As we close the book on 2012 and open up a fresh New Year we are filled with both fond memories and anticipation. As I try to think back to January of last year it hardly seems possible the many changes and challenges we have seen our way through.
It's time to say goodbye to 2012 and move along. What will the New Year hold? If you’re like us, we like to “re-rack” and see what we might want to tune up and change. We’ll ask ourselves questions like “what has gone well and what do we absolutely never want to do again?”
What are the most memorable events of 2012 for you? We all have different thoughts about what might top the list, but for most, it was something that hit the mainstream news or something you saw on TV. The mainstream media has an interesting effect on how we see things. It also impacts how we see ourselves fitting into it all. I saw something recently that made me stop and think about 2013 and what I need to do better. I wanted to take minute and share it with you.
As part of this year’s Rochester Business Journal Senior Living & Long-Term Care Services Directory (October 19, page 10; click to download a copy of the article in PDF format), The Maplewood was featured in a special article entitled “Family needs become priority in long-term care”. The article gets into recent enhancements we’ve made to our Rochester NY nursing home facility, and underscores our unyielding advocacy for service, quality and choice.
Accountable Care will next week begin to have a significant impact on hospitals. Starting October 1, 2012, the Hospital Readmissions Reduction Program, under the Affordable Care Act, requires that the Centers for Medicare and Medicaid Services reduce reimbursements to the Inpatient Prospective Payment System.
What this means is that if a hospital readmits a patient within 30 days of discharge, the hospital may face penalties of up to 1% of payment. Penalties will increase to 2% in 2013 and 3% in 2014. What this will mean for nursing homes in the Rochester area and beyond is that there will be a high level of vigilance on the part of the hospitals for patients moving to and from the hospital to the nursing home.
I ran across an interesting piece on SeniorHousingNews.com, written by Alyssa Gerace. The article provides insight into the makeup of senior living decision makers, including their similarities and differences. The article tracks with much of what we see in our own experiences, and also offers some new things to consider.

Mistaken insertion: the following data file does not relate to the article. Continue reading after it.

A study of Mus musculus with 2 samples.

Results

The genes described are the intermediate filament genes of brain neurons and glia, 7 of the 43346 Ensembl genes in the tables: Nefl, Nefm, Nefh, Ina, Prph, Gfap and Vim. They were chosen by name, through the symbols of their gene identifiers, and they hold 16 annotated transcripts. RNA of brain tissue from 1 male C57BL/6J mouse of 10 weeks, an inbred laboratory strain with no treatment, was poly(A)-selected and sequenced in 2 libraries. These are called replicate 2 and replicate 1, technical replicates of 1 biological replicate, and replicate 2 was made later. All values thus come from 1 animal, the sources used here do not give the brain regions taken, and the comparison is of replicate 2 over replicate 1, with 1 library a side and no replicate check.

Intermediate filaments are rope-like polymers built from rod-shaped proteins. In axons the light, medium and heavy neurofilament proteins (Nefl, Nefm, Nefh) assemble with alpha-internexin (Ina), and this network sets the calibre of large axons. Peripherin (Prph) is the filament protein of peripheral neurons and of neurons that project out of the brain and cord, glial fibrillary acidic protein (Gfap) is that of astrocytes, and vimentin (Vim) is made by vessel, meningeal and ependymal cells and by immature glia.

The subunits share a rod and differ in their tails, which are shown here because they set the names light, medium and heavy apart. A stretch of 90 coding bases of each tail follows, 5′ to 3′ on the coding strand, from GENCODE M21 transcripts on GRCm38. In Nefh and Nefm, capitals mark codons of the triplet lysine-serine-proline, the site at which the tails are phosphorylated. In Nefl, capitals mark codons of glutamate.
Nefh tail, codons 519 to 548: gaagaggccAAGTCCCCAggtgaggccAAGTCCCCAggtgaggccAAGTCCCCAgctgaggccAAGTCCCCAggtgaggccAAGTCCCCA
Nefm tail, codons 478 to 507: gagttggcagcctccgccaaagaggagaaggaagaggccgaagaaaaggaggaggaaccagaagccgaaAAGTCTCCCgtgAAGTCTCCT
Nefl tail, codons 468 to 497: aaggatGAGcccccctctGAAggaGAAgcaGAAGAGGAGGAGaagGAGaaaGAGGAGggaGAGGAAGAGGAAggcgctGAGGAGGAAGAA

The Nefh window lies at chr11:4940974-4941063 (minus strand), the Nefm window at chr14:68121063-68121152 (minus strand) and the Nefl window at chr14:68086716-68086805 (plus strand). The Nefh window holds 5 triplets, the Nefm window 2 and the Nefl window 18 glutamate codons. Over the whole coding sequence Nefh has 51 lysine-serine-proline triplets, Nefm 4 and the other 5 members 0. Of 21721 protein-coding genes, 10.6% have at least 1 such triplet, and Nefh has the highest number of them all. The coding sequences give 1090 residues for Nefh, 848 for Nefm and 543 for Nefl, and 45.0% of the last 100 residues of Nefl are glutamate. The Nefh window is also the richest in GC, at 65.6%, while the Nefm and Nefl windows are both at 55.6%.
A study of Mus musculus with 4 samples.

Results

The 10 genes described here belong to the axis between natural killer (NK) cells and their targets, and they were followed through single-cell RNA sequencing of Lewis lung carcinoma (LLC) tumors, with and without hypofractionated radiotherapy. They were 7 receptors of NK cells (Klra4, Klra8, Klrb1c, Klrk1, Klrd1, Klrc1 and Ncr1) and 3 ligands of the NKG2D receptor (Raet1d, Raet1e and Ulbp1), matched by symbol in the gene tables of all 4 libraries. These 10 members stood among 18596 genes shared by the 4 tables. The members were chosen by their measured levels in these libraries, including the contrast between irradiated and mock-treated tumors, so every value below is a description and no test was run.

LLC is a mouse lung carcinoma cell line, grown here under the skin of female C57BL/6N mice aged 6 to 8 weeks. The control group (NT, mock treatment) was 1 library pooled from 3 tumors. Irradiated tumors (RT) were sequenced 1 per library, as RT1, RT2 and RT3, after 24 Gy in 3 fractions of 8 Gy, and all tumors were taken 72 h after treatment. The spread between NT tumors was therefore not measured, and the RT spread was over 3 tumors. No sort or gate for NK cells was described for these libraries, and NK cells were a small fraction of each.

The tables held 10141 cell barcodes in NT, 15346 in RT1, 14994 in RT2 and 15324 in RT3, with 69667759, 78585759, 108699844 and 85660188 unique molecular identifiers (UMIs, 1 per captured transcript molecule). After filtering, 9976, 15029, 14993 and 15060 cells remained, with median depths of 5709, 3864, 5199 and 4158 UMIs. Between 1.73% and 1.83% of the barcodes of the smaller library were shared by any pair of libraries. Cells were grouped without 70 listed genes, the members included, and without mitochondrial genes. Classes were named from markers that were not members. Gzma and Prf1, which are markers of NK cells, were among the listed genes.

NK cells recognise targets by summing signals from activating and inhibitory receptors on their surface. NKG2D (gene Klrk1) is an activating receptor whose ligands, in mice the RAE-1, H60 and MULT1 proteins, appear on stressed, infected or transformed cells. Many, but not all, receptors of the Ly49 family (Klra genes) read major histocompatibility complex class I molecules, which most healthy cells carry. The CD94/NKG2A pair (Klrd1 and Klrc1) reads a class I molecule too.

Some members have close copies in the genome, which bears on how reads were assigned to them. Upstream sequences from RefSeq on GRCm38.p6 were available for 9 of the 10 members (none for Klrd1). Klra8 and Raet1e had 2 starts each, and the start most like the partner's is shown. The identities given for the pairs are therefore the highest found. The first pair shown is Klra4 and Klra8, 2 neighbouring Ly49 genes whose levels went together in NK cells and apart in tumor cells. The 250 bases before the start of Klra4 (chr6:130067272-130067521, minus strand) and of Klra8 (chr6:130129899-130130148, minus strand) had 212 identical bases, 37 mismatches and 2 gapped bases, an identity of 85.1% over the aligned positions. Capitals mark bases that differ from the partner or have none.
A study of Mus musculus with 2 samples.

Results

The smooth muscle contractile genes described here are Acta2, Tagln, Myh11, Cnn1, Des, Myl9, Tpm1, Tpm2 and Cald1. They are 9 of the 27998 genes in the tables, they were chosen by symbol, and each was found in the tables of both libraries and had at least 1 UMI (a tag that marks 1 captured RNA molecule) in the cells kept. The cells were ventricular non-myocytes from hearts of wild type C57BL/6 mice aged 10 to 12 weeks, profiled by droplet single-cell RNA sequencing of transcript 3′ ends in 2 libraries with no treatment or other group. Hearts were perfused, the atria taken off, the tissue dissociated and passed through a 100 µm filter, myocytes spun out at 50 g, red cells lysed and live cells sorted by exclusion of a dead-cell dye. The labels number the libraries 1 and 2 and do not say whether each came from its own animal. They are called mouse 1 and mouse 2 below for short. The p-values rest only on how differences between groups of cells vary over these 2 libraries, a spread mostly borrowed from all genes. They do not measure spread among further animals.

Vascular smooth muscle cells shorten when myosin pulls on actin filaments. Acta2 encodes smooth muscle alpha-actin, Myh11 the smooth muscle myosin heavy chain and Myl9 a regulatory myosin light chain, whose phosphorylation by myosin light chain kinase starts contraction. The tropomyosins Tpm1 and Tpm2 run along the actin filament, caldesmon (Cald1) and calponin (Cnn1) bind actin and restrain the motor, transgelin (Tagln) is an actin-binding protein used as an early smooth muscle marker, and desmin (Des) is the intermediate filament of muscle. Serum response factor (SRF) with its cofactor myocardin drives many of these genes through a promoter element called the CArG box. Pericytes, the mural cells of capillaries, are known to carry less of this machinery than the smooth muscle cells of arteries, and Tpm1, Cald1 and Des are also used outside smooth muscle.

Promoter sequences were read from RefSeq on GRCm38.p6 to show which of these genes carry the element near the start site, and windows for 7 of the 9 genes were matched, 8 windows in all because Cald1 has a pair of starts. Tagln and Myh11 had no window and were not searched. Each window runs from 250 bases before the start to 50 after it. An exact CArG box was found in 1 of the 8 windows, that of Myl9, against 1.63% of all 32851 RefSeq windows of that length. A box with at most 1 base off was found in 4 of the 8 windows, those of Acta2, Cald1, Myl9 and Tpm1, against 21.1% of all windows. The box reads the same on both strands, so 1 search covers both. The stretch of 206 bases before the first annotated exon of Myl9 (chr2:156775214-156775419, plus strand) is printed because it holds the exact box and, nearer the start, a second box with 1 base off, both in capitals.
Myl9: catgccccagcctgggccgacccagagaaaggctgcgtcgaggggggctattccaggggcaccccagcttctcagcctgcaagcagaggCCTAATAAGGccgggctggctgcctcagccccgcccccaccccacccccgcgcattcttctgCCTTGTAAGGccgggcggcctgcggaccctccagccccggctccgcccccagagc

Big changes are ahead for New York residents who need long-term care services and rely on the Medicaid system to pay for those services.
Governor Cuomo has endorsed a plan that has been put together by his long-term care Medicaid task force. Under the new plan there will be a heavy reliance on what are referred to as Managed Long-Term Care Plans (MLTC).
If you hang around Amy’s desk in the business office for awhile you’ll likely hear her answer the phone and start giving directions. The number one remark we receive here at The Maplewood for all the years we’ve been a part of Webster is “We never knew you were here.”
For some businesses, being tucked away on a little side street is an advantage but for The Maplewood it’s been a hardship and a challenge. Time and time again we miss being able to help people because they don’t know about us. Sometimes being the best-kept secret in Webster is not a good thing. We’re hoping that our new entrance onto West Main Street in the Village will help with that problem.
A good portion of the job of a nursing home administrator these days is to keep up with all the changes going on that have an effect on their facility. The time of change for nursing homes is in full swing right now. Good Administrators have become more like fortune tellers who search the tea leaves of new technology and regulation to stay one step ahead of what might be necessary to have a facility that is relevant to whatever is considered mainstream. It is in that spirit that I share a situation that struck me over last weekend.
Anyone walking through our second floor is seeing a transformation at work. Last week we began a three-month project that will flip the location of our second floor lounge with our existing nursing station. The new modern lounge will feature plenty of natural light and a new modern look. We are excited about the new plans and even more excited that changes are underway. Like any project, there is the dust and mess that comes along the way and we trust that our Residents and families will bear with us as we make our way to the finish line.
It’s the time of year for me that every nursing home Administrator loves. Christmas? Spring break or our birthday? No it’s The Maplewood's turn for the annual New York State inspection.
Being a participant in Medicare and Medicaid requires that the facility be inspected by the NYS Department of Health at least one time every 15 months. It’s a surprise inspection where 6 people from the Department of Health walk into your facility unannounced and camp out for four or five days. The facility and its practices are inspected from stem to stern. All this has been created to assure a certain minimum level of quality still exists in the facility since the last inspection. In the last 27 years of doing this job I can tell many stories about these inspections. I suppose every Administrator has a favorite story about one of these inspections and I am no exception. It happened 10 years ago or so and I want to share it with you.